In Brief: Victim Compensation Programs and Restitution

January 13, 2017

Compensation Programs

Every state operates a crime victim compensation program to help victims pay for some of their expenses that result from a crime. Eligibility requirements vary, but at a minimum, a victim must report the crime, cooperate with the investigation and prosecution, and apply for compensation within a certain time period.

Unlike restitution, victim compensation can occur even if there is no arrest or prosecution. These programs vary by state, district, and territory, and are the payer of last resort – that is, they pay for certain expenses not covered by insurance or public benefit programs. Victims, their relatives, or their dependents must meet their state’s eligibility requirements to receive compensation. A victim cannot collect both compensation and restitution for the same losses. When a victim has already received compensation from the state for some losses, a court may order the person convicted of the crime to reimburse the state compensation program and may also order the person to pay the victim for losses that weren’t covered by compensation.

Expenses covered by compensation programs typically include medical care, mental health counseling, income loss due to crime-related injuries, loss of financial support for dependents of a deceased victim, as well as funeral and burial expenses. Most states do not pay for expenses due to crimes solely involving theft of or damage to property. A growing number of states are covering expenses related to relocation, crime scene cleanup, and immediate measures to ensure a victim’s safety and security. Funding for crime victim compensation programs typically comes from fines and fees collected from people convicted of crimes and people who receive traffic violations. Some states allocate general state funds to the compensation program as well. The federal government, through a formula grant program, matches 60 percent of a state’s allocation to this program.

Key benefits of compensation

  • Does not require an arrest or prosecution
  • Guaranteed to pay full amount awarded based on payment guidelines to eligible people
  • Provides payments after eligibility is confirmed and award amount determined


Courts order restitution as part of a person’s sentence when the victim can demonstrate that he or she sustained pecuniary losses (such as medical expenses, lost wages, or stolen or damaged property) as a result of the crime. Restitution can be vitally important to victims because they may lack the resources to make up for these losses on their own. In addition, collection of restitution can provide the victim with assurance that the person who committed the crime is being held accountable for his or her actions.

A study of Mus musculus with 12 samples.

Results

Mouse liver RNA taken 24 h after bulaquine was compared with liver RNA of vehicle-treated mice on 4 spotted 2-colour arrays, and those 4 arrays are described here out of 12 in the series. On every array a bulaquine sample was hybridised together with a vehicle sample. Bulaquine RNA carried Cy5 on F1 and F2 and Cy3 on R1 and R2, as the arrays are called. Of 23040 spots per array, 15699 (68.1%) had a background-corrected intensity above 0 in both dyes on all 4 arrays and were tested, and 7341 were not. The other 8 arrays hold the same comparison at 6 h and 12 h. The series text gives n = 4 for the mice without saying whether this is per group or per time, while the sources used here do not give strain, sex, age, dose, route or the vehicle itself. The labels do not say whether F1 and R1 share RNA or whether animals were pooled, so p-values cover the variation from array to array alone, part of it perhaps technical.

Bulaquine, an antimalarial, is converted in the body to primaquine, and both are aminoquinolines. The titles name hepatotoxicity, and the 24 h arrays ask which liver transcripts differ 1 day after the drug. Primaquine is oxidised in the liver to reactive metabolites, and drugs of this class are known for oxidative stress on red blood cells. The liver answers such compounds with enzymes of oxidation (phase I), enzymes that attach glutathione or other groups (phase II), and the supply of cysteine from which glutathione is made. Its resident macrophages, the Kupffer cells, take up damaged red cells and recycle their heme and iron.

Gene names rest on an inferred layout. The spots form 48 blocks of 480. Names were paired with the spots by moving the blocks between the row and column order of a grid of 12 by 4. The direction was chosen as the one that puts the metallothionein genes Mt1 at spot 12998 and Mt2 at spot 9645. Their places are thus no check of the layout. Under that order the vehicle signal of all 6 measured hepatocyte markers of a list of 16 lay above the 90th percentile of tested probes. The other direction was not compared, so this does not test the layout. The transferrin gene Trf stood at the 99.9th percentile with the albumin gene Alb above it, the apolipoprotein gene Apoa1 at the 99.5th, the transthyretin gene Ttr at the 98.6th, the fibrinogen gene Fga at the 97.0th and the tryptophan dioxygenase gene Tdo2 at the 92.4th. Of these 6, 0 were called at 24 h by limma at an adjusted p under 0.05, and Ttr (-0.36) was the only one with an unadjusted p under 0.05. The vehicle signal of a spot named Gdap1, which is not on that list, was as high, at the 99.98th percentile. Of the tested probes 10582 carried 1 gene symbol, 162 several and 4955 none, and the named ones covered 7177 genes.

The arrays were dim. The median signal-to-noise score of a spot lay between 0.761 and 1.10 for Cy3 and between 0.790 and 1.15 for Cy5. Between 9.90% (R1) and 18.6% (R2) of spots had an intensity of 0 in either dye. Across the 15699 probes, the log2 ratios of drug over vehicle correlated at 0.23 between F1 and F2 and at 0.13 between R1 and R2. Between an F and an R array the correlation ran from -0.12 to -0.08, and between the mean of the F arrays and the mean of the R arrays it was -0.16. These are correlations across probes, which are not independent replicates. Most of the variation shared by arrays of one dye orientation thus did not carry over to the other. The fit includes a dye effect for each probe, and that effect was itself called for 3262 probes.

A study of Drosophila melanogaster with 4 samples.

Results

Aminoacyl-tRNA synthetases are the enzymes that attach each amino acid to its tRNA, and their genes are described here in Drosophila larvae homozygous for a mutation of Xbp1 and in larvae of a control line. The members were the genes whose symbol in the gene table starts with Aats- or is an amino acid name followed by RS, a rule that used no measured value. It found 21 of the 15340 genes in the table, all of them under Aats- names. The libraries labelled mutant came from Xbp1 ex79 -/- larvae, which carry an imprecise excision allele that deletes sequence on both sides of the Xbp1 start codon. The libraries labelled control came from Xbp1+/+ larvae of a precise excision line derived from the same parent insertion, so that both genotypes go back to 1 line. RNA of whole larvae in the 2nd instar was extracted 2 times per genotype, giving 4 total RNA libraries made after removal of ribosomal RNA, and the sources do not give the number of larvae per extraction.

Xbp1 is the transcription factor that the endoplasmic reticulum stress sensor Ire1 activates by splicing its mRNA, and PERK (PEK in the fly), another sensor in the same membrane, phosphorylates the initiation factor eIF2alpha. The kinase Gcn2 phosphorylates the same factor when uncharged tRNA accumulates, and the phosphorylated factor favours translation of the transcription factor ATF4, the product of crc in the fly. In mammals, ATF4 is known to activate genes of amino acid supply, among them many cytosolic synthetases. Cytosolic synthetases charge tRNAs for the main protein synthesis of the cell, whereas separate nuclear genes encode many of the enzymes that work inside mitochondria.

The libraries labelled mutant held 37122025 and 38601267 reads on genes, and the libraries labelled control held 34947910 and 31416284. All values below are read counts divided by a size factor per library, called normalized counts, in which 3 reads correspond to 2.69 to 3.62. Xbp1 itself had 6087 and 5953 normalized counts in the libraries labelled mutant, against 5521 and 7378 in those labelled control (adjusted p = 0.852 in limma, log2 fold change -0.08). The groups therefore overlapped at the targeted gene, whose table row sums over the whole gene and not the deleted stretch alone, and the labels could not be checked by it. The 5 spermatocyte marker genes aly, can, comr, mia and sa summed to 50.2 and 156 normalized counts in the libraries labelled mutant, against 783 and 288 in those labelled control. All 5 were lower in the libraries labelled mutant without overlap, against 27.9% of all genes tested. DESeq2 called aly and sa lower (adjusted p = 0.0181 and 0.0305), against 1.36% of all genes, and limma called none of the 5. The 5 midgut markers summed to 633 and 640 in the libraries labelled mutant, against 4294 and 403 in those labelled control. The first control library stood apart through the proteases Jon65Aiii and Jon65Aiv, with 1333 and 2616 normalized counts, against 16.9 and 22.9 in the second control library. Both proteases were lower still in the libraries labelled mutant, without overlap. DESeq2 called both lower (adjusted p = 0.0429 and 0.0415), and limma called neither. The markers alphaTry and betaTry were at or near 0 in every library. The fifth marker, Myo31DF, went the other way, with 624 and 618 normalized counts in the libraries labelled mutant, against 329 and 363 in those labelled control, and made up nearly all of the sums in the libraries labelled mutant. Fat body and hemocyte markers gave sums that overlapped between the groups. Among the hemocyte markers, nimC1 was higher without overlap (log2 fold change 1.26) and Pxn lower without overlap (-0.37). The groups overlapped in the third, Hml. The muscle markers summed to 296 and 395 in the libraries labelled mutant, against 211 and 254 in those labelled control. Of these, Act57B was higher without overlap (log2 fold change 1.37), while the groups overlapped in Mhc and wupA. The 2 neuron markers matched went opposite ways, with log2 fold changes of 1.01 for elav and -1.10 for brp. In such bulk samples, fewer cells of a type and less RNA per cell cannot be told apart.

For a victim to receive restitution, he or she must document losses and expenses that occurred as a result of the crime and share that information with probation officers, prosecutors, and the courts. A probation officer will then include the victim’s losses in a pre-sentence investigation report that recommends a sentence to the judge. A prosecutor may subsequently ask for restitution as part of the sentence and may request a restitution hearing to determine if and how much restitution is owed. In addition to considering the losses suffered by the victim, a judge may take into account the offender’s current and future ability to pay when determining how much restitution to order.

The person ordered to pay restitution is expected to pay the full amount of restitution owed over the course of his or her sentence. Court-ordered restitution does not guarantee that the person ordered to pay it will do so, but it creates a means by which the state can pursue payment on behalf of the victim.

Key benefits of restitution

  • Covers all offense types
  • Holds people who committed offenses accountable
  • Pays for losses not covered by compensation

Additional Resources

Disclaimer: This project was supported by Grant No. 2015-ZB-BX-K001 awarded by the Bureau of Justice Assistance. The Bureau of Justice Assistance is a component of the Department of Justice’s Office of Justice Programs, which also includes the Bureau of Justice Statistics, the National Institute of Justice, the Office of Juvenile Justice and Delinquency Prevention, the Office for Victims of Crime, and the SMART Office. Points of view or opinions in this document are those of the author and do not necessarily represent the official position or policies of the U.S. Department of Justice.